Calgary rapper and pastor James Noble had big plans to release an album last year, but when the pandemic forced him to take on the role of schoolmaster to his four children his priorities naturally took a detour. Now after two years of promotion and a year-long delay, Noble has released the title track of his forthcoming album, God’s Work, and his music career is back in motion.
With a penchant for artistically crafted and socially conscious lyricism, Noble’s triumphant new single celebrates people who are working unseen to uplift others. As he recalls, the idea for both the single and the album emerged when he drove by a billboard advertising a centre for victims of domestic abuse. “I was inspired by what I saw and had the thought, ‘Man, those people are doing God’s work.’ And right there I realized I had a song and title for the album,” he says. “The years I had spent as a parent and pastor taught me that, a lot of times, the most important work in society is the least celebrated — but the work still needs doing.”
In particular the single highlights people like single mothers, first responders, and teachers who face difficult situations thanklessly. “‘God’s Work’ felt like an opportunity to acknowledge anyone in a similar situation and give them a reason to keep going,” says Noble.
For Noble, the desire to reference God, and the idea of being of service to God, is a reflection of his own life and the way it’s been shaped by spirituality. “I see music more as an extension of my life, and the cornerstone of my life has proven to be my relationship with God,” he says.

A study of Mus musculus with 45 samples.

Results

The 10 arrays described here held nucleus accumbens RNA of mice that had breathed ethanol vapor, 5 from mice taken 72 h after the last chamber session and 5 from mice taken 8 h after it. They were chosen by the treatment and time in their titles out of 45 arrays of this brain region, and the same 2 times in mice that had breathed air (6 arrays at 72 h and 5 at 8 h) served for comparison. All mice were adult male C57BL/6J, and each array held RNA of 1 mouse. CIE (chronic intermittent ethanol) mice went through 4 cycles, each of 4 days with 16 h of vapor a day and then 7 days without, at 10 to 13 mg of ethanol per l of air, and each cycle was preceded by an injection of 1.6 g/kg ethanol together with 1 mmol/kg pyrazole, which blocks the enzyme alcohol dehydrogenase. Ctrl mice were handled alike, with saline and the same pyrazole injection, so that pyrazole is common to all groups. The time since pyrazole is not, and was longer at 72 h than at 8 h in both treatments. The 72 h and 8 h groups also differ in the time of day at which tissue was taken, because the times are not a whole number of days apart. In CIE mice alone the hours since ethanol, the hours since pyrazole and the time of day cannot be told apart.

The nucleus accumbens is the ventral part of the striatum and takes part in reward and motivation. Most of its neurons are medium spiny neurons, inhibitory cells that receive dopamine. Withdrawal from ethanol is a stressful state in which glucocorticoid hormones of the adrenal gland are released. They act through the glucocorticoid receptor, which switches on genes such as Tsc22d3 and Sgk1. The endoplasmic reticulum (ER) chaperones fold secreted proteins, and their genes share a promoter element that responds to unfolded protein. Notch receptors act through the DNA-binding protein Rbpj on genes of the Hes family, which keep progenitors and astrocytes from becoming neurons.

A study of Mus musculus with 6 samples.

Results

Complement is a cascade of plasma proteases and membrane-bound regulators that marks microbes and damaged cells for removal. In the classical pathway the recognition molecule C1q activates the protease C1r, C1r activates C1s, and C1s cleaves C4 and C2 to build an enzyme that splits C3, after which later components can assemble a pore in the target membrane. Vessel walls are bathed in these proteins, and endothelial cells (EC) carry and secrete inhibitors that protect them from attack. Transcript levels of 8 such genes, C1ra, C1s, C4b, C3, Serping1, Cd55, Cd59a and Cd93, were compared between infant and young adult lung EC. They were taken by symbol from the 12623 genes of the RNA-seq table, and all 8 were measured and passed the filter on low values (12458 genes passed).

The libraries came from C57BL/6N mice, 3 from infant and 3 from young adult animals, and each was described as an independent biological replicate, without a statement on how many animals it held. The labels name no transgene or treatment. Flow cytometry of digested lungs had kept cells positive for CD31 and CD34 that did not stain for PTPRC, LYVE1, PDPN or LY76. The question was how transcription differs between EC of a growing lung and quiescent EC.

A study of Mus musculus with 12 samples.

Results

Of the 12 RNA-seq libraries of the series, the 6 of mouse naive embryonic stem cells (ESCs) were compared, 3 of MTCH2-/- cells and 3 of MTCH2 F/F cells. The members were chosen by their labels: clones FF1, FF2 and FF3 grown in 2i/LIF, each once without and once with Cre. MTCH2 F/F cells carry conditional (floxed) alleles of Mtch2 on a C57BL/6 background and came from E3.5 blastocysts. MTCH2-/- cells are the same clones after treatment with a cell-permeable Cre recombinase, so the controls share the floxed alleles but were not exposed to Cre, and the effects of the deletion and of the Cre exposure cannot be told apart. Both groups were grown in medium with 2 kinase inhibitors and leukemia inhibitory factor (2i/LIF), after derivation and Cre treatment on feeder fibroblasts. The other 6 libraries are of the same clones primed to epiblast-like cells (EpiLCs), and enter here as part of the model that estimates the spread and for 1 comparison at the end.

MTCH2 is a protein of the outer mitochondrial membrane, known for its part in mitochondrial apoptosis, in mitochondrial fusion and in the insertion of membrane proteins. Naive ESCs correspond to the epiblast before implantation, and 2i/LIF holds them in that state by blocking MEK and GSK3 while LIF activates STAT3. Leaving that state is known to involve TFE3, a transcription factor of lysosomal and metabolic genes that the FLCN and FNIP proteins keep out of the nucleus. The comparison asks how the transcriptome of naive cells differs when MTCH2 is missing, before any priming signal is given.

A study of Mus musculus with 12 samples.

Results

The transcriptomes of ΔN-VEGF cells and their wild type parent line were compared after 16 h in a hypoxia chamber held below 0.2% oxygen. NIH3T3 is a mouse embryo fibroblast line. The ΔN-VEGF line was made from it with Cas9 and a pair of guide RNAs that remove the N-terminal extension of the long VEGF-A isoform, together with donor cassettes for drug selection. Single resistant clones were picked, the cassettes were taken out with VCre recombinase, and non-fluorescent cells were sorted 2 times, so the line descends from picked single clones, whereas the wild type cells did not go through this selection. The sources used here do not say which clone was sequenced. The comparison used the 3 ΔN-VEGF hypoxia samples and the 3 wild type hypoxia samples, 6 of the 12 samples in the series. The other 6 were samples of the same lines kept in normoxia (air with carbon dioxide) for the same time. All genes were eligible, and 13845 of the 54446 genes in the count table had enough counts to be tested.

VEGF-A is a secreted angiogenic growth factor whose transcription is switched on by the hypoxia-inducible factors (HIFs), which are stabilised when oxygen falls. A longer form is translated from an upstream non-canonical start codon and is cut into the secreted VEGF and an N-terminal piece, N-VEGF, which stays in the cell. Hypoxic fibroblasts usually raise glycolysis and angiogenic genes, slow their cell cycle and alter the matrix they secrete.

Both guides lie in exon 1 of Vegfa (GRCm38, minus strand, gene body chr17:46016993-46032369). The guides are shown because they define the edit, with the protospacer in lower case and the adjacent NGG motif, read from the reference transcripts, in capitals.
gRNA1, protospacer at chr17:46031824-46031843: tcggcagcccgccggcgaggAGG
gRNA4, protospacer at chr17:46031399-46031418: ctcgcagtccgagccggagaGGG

It’s a relationship he developed early, and he credits it with helping him stay sane amid what he describes as a chaotic childhood in a broken home. “God stepped in where my parents couldn’t, so I owe Him everything for that,” says Noble. “I’d say His influence in my life is more of the central theme on the album.”
Rather than opt for full digital instrumentation like many of his modern hip-hop counterparts, “God’s Work” continues in the vein of Noble’s prior single release, “Say Something,” and features a soulful, organic instrumental that pays homage to classic Black music. “That unique ability of my people to make music for the struggle is a common thread that runs through everything they create,” he says. “I found a ton of inspiration from Stevie Wonder straight through to Lauryn Hill, and everything in between.”
Noble has had a long time to gradually sift through eras of music and find influences and ideals that speak to him, as he’s built his career at his own pace around 18 years of marriage and fatherhood. He initially began rapping while attending college in Texas in 1997, however it wasn’t until summer 2011 that he released his first single “So Wrong” under his previous alias NIII G. It was then another six years before he released “Force Of Nature,” his first single as James Noble. “Timing was everything as far as when I started putting out more music,” says Noble. “Looking back, it’s clear that I had a lot of living to do before I could offer anything of real substance with my music.”
Rather than hinder his career growth, Noble’s patience and willingness to play the long game has paid off. Since returning to the studio four years ago he’s received exposure from Calgary’s notable hip-hop community-building platform, 10 at 10, and Telus Storyhive in B.C. funded his music video for “Force of Nature.” “The visibility brought to what I was doing can’t be overstated,” says Noble. “I gained national exposure through that campaign, and I owe much of that to their organization.”
God’s Work is now scheduled for a 2022 arrival with another single slated for release this fall. Once the album is out Noble intends to resume work on NOBLE 1979, the clothing line he launched in 2019.